Firebug: Add Browser-based Debugging to Your Ajax Development, Page 2
Debugging PHP Code with FirePHP
Firebug has become such a widespread fixture within the Web developer's toolbox that an extension ecosystem has begun to form (Think of it! Extensions for the extension!). If you're a PHP developer, consider installing FirePHP, a Firebug extension that allows you to accompany HTTP payloads returned from a PHP script with debug information originating within PHP!
When you have FirePHP installed, you can begin inserting log messages into your PHP scripts, as demonstrated here:
require_once('FirePHP.class.php'); $firephp = FirePHP::getInstance(true); $battles = array(); $battles = array ( "name" => "Shiloh", "date" => "April 6-7, 1862", "location" => "Hardin County, Tennessee", "latitude" => 35.1525, "longitude" => -88.323056 ); $firephp->log($battles, 'Battle #1');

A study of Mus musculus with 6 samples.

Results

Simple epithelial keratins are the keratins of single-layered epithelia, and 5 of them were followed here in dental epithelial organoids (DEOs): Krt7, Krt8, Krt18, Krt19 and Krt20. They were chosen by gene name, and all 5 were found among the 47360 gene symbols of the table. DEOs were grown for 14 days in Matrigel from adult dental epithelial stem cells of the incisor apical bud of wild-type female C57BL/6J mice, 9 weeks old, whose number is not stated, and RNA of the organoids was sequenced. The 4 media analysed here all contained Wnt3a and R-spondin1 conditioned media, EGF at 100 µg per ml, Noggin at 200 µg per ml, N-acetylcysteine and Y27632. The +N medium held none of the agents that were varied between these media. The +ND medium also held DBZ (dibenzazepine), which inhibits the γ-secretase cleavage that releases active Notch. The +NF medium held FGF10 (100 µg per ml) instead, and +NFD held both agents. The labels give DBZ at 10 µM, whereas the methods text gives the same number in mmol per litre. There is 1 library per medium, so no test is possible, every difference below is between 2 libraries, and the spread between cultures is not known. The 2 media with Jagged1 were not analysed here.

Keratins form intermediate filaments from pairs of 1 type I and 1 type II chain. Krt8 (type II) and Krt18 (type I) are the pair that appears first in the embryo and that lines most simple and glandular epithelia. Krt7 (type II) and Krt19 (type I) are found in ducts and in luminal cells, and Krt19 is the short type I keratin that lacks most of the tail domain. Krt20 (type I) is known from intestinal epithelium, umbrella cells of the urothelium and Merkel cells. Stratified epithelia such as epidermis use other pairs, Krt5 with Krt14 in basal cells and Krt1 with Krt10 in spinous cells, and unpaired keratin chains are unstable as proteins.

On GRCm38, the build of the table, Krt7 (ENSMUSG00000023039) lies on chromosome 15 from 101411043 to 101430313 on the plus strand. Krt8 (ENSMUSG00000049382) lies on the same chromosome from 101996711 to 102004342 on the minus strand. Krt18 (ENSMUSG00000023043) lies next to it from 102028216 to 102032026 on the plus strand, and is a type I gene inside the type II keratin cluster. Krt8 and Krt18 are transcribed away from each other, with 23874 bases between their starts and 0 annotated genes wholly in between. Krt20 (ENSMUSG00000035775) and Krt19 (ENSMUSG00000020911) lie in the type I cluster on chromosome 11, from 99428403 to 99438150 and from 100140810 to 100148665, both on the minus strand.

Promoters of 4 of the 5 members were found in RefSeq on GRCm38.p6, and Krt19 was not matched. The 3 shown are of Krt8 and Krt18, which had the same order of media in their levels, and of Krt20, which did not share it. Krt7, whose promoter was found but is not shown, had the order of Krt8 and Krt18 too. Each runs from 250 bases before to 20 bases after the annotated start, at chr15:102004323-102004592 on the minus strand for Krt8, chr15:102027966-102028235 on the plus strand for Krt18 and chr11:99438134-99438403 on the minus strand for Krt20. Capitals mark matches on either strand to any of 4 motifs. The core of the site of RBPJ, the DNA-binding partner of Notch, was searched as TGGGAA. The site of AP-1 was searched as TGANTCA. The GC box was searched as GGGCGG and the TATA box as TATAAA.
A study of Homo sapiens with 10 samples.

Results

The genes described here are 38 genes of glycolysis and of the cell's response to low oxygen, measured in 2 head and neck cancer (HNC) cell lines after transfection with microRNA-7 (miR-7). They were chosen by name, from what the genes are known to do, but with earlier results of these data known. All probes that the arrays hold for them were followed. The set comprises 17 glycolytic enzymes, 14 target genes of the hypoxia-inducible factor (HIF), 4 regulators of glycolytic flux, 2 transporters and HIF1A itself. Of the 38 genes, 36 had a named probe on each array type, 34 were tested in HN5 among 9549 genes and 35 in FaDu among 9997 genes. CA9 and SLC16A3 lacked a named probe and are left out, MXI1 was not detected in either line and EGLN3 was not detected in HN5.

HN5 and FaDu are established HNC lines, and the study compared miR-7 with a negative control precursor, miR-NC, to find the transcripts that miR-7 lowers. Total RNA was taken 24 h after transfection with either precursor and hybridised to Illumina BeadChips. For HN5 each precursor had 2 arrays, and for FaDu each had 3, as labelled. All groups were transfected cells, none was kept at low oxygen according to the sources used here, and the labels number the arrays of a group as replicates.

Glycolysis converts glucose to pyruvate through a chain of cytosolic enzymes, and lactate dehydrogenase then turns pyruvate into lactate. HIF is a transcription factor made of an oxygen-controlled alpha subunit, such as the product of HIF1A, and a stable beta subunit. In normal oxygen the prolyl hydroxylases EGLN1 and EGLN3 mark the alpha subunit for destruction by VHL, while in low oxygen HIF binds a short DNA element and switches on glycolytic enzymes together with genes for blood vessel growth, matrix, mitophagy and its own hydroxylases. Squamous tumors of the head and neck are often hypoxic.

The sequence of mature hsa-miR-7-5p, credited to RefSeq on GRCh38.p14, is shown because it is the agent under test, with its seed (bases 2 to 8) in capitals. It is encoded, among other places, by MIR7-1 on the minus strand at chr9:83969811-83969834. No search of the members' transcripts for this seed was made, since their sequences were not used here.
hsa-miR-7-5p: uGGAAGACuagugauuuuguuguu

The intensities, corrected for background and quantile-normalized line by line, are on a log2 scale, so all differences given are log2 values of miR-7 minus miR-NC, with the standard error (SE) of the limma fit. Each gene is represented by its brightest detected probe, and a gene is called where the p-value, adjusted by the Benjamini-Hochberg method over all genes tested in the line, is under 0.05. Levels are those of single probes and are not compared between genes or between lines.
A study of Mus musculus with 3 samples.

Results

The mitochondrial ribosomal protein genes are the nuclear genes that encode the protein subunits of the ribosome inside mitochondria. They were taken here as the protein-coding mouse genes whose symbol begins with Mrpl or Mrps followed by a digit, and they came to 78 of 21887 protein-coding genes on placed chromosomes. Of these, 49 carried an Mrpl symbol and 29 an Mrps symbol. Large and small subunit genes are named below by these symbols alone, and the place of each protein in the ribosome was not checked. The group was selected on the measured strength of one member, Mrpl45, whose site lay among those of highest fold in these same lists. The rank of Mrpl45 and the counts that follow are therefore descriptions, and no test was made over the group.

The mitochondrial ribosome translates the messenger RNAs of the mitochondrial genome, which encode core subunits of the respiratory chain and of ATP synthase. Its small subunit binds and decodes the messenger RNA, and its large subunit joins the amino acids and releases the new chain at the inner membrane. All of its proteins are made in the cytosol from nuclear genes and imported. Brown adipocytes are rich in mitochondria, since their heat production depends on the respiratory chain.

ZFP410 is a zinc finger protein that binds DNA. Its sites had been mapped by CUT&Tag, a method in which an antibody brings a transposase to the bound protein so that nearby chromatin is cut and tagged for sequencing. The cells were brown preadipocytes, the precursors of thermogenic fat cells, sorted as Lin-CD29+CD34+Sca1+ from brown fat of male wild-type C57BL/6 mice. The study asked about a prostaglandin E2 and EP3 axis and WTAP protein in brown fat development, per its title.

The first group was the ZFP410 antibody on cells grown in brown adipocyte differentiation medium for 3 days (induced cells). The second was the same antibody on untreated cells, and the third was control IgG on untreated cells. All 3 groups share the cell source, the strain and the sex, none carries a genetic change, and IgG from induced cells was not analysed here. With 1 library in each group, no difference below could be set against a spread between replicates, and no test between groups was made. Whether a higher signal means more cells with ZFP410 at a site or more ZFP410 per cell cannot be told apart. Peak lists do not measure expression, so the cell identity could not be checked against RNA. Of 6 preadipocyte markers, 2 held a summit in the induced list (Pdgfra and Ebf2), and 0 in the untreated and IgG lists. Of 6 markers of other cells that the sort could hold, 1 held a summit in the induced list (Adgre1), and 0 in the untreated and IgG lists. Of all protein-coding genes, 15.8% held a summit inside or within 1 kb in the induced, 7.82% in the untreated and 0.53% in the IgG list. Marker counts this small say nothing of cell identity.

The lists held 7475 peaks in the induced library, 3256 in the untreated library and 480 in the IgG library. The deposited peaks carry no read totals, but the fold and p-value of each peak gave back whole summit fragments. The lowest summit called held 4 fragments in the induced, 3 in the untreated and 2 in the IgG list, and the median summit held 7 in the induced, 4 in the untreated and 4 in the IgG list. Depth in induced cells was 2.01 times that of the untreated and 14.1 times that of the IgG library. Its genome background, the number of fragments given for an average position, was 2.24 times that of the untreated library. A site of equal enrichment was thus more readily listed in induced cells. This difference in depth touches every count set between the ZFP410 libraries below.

Executing this script within the browser produces the log message in Figure 4.
Figure 4. Logging Array Contents with FirePHP: Here is the result of executing the above script within the browser.
Other Useful Firebug Extensions
In addition to FirePHP, I suggest taking a look at the Firebug's other available add-ons, including:
- Firecookie: FireCookie adds a cookie management tab to Firebug's interface, allowing you to easily examine the number and content of cookies stored by a particular website.
- YSlow: YSlow analyzes your Web page for performance issues and makes suggestions for improvement based on the result.
As a developer, your job is to create useful applications, not waste time with inconvenient code-debugging techniques. So why not make sure you have the best tooling available, starting with Firebug! If you use other tools for debugging website code, tell us about them in the comments!
About the Author
Jason Gilmore is the founder of EasyPHPWebsites.com. He also is the author of several popular books, including "Easy PHP Websites with the Zend Framework," "Easy PayPal with PHP," and "Beginning PHP and MySQL, Third Edition."